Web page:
Social Media Users share Fake Voting Percentage Data based on Religion

The recently concluded Karnataka Election and the post election drama kept social media busy for a few weeks. Senior BJP leader BS Yeddyurappa and BJP President Amit Shah tried to form a government in Karnataka but finally it was the JD(S)-Congress alliance which took the chair.

BJP had managed to win 104 seats and emerged as a single largest party in Karnataka. To keep BJP away from power, Congress extended its unconditional support to JD(S) to form a post poll alliance. Social Media users were busy pondering the reason for BJP not crossing the half way mark of 112 seats.

An analysis, which has been viral on social media platforms like Facebook, Twitter and WhatsApp, tries to deduce the major reason for BJP getting short of mandate. Apparently the analysis suggested that the reason for BJP’s loss is due to low Hindu voting percentage. The viral post claims that percentage of voting among Muslims is 92%, Christians is 86% while among Hindus, it is 58% only.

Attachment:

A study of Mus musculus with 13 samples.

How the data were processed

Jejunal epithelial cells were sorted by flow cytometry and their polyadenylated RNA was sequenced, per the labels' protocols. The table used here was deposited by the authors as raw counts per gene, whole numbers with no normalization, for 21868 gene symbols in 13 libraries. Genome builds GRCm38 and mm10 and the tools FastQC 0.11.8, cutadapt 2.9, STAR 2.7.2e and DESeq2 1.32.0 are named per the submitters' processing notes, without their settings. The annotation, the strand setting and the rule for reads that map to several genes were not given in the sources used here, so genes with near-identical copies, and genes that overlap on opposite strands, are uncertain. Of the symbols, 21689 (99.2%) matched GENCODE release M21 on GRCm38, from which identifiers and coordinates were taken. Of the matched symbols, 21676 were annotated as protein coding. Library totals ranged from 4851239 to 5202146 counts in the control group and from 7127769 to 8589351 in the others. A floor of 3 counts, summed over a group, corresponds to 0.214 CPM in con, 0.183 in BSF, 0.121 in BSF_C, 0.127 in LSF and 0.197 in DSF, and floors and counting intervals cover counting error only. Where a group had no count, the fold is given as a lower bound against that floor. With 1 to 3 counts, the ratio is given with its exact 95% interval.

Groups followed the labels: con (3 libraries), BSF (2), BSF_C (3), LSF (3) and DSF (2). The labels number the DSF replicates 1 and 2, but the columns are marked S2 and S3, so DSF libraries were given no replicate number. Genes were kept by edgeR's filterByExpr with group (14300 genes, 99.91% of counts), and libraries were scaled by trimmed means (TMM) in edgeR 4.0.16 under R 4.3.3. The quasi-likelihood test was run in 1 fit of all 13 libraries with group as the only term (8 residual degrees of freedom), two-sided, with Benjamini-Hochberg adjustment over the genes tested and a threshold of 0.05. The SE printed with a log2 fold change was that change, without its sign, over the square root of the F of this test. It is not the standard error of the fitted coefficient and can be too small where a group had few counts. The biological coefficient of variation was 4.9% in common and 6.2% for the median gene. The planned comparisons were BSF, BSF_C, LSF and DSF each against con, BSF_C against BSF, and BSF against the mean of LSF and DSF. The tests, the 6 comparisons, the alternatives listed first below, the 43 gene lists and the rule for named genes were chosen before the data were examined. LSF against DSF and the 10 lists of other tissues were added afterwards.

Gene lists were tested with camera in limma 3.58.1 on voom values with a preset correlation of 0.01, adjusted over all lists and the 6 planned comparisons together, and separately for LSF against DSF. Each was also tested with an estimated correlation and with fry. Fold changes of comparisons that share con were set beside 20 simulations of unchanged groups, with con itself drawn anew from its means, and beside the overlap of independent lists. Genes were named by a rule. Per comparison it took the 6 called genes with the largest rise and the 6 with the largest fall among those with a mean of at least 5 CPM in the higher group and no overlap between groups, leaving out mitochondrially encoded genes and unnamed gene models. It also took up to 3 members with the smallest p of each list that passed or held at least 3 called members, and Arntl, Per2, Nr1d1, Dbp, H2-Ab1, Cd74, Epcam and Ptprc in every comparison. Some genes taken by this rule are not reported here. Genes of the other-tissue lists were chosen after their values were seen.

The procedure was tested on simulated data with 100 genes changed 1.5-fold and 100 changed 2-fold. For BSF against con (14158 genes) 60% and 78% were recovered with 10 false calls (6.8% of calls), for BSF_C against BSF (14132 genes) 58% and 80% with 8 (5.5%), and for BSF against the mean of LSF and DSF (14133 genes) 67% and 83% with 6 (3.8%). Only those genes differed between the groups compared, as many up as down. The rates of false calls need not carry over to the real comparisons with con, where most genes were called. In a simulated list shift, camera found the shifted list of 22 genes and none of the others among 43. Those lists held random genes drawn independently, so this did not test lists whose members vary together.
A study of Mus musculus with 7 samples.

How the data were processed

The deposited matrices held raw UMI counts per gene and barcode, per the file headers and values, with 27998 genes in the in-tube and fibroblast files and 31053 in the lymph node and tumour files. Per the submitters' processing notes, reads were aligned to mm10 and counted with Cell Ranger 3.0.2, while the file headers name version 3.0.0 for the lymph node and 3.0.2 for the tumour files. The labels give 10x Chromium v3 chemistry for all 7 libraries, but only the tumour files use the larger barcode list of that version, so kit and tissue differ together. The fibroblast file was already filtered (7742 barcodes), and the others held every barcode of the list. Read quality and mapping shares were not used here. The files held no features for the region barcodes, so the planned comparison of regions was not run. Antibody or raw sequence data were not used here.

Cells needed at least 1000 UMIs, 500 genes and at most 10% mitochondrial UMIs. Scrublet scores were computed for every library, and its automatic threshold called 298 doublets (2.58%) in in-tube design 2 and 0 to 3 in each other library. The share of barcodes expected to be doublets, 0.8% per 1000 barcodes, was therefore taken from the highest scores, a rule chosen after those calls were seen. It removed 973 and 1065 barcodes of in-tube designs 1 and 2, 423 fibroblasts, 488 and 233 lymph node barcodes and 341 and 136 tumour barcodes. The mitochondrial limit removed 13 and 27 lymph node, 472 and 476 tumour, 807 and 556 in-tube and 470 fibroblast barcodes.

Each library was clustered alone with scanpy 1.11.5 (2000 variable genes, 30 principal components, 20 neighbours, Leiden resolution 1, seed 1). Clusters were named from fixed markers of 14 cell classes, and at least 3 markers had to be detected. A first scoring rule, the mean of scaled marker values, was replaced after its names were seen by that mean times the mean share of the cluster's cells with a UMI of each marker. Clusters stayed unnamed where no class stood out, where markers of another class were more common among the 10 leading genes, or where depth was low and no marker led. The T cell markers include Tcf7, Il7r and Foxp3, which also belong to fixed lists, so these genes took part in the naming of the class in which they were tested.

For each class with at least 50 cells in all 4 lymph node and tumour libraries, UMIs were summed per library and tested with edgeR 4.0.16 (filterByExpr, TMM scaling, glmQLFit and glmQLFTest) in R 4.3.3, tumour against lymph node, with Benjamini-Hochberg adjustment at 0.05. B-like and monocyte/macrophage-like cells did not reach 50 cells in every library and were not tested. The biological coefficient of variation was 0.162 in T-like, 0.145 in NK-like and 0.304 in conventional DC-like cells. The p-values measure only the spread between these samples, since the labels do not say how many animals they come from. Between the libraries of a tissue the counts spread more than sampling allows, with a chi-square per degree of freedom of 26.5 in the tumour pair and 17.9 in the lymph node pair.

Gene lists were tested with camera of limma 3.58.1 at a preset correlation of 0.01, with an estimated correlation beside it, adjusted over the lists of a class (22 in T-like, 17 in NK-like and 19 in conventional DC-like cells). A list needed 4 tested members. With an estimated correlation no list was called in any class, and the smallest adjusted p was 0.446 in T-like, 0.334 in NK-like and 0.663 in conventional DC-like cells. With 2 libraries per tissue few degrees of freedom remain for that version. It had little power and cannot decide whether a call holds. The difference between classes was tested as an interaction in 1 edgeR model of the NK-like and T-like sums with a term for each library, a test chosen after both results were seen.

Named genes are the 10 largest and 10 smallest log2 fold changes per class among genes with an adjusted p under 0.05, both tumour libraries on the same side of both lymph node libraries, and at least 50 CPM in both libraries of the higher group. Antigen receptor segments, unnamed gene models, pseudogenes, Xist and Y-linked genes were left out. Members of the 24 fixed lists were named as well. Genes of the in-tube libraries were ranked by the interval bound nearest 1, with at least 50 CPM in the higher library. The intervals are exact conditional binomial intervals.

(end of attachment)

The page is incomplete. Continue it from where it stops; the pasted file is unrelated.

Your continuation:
Posted by The Nationalist on Monday, May 21, 2018

Karnataka voting percentage -Via Lata KumariMuslims-92%Xtians – 86%Hindus – 58%

Posted by Supria Pillai on Monday, May 21, 2018

Recent Karnataka Election analysis (Religion wise) – 92.1% Muslims voted; 86.3% Christians voted and only 58% Hindus…

Posted by Laxmi Pathi Raju on Monday, May 21, 2018

This data posted by several of these users is not true. The Election Commission of India does not provide voting percentage data based on the religion of voters. It is not possible for any private agency to collect this sort of data.

As per a report by Firstpost, there are 33 seats in Karnataka which have a Muslim population of more than 15 percent. The BJP’s tally in these seats rose from six to fifteen. Two things have worked for the BJP: A consolidation of Hindu votes in the party’s favour cutting across caste lines, and especially in seats like Muddebihal, a split of the minority votes between Congress and JD(S), which helped the saffron party.”

Data can be collected based upon the population percentage in a particular constituency, which can be later segregated as Hindu, Muslim or Christian. In the past, no organisation including the Election Commission of India, has been able to provide such voting percentage data based on religion. The above mentioned analysis by Facebook and Twitter users lacks any evidence and can be safely assumed to be fake.